Life changes when you retire – and so does how you spend your money. Whatever your plans, it’s important to keep on top of things.
So take a moment or three to work out a budget. That may sound daunting or tiresome, but the better you know your own finances, the better you will feel about the retirement decisions you make.
Remember to consider inflation rates
It is important to bear in mind that the cost of living will increase with inflation. While the State Pension also increases with inflation, income from your personal pension might not, depending on how you decide to take your money.
Can't afford to retire yet?
It can be frustrating, however there are plenty of things you can do to boost your retirement income. For example, you could:
Option 1: Carry on working and access your pension pot later
You could put off taking your State Pension and pension pot. You may not need the money just yet, in which case you might want to consider leaving your pension pot invested. The longer you leave them, the more income you are likely to get.
Option 2: You could consider deferring your State Pension
You are eligible to collect your State Pension in the week you reach State Pension age, but you don’t have to. You can defer the payment of your State Pension. If you choose this option your State Pension will increase by 1%* for every 9 weeks, that’s about 5.8%* over 12 months.
* These figures do not take into account a rise or fall in inflation rates.
Here is how it works
If you deferred a State Pension of £175.20 a week this is how much you would get.
After one year: £185.36 a week
After three years: £207.49 a week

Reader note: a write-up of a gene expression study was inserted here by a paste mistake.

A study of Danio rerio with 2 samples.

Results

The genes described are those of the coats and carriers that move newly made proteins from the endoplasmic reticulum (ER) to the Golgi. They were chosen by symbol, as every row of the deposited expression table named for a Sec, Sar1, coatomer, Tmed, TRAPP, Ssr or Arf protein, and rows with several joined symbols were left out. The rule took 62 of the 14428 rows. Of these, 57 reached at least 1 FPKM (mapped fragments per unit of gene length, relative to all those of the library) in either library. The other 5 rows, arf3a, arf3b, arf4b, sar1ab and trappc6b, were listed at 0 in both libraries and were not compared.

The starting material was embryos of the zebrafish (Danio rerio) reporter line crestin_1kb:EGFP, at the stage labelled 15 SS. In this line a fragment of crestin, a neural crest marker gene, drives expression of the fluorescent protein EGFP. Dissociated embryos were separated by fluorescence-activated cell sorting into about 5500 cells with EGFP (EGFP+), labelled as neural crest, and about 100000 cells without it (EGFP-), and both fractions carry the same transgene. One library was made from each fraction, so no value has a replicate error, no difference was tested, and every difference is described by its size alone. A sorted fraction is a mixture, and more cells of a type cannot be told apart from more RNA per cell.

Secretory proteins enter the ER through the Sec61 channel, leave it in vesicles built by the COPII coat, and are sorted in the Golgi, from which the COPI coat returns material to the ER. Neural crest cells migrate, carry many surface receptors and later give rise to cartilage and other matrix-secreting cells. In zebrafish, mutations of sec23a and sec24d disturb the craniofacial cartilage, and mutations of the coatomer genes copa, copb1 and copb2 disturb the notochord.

After five years: £232.25 a week
Alternatively, if you delay taking your State Pension for a year or more, you can take the money you have built up through deferring, plus interest, as a lump sum. Whichever option you choose may be subject to tax.
There's no deferral limit
You can defer the payment of your State Pension for as long as you want, as currently there are no deferral time limits. These calculations are based on interest rates of 2.5%
Option 3: Use your property
If you own a property, you are sitting on a great resource. You could:
- rent out a spare room
- downsize to a smaller property
- move to a different area.
And of course if you rent, you may be able to reduce your rent by moving elsewhere.
Option 4: Take your pension and continue working
You can continue to work while taking money from your pension pot. Just remember that besides the 25% lump sum you get tax free, you have to pay tax on your pension as well as any other income that you receive.
Retirement Living Standards
The Pensions and Lifetime Savings Association has an excellent resource to help you understand what life in retirement looks like at three different levels. You can access this information HERE.